Despite being told not to judge a book by its cover we often end up doing so. But why is it that people rarely warn about picking a book by its title? More often than not the title comes from the author whereas the covers are created by the publisher. We invariably end up agonising over titles and names and so we know the value of the interesting and intriguing book titles that abound.
Many books are simply named after a character like, Emma, Jane Eyre, Moby Dick, Marley etc. and it’s worked well for them. Some are named after places in the book like Wuthering Hights, Jurassic Park and the magically named Neverwhere and that seems to work too. Another favourite are the Shakespearean titles which seem to work well for the murder mysteries and Agatha Christie seems to have picked the maximum number of these. Even Dorothy L. Sayers and Ruth Rendall have been swayed by the appeal of naming their books in the same way.
We particularly like the titles that are inventive and are not only catchy but mean more after reading the book. We recently read Donna Leon’s ‘The Waters of Eternal Youth’ and were fascinated how a phrase which refers to something desirable has a very negative implication in the book. We realised it refers to an acquaphobic who was attacked and fell into a canal in Venice and since remained mentally fixed at the age of sixteen.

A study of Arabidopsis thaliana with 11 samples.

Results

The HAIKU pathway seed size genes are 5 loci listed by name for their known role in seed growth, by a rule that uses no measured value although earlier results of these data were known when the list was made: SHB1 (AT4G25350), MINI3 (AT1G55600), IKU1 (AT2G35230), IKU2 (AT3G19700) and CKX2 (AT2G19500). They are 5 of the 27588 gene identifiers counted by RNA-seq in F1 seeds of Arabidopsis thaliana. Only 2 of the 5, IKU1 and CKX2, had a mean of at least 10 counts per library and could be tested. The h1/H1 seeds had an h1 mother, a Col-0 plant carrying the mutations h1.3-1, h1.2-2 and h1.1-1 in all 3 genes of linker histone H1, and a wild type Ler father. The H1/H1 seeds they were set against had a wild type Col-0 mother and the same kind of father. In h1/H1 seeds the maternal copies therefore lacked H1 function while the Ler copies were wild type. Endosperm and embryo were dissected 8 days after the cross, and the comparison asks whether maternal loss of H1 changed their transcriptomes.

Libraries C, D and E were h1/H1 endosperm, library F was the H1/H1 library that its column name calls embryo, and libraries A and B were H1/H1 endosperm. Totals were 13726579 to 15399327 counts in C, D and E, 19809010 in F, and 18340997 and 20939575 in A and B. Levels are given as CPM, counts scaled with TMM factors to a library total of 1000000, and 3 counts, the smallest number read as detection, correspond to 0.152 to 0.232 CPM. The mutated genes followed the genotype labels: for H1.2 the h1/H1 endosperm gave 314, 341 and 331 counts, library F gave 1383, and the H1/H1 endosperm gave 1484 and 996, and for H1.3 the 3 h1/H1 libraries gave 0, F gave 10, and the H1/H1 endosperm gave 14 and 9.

We especially admire authors who come up with fascinating titles book after book in a series. Douglas Adams tops the list with The Hitchhikers series. Who wouldn’t want to pick up a book titled ‘A Restaurant at the End of the Universe’or ‘So Long and Thanks for all the Fish’. Alexander McCall Smith’s the Sunday Philosophy Club series has titles like ‘The Careful Use of Compliments’ and ‘The Uncommon Appeal of Clouds’ just to mention a few. The there is Alan Bradley with ‘The Sweetness at the Bottom of the Pie’ etc. One of the most beloved titles that just encapsulates the entire book and the book lives up to promise of its title is Gerald Durrell’s My Family and Other Animals.
We especially love the magical and quirky titles like ‘Five Quarters of an Orange’ by Joanne Harris, ‘The Kitchen God’s Wife’ by Amy Tan and ‘I Shall Wear Midnight’ by Terry Pratchett.
In our experience, sometimes judging a book by its title is totally worth it. If nothing else, we end up learning a great quote from some obscure earlier work or poem.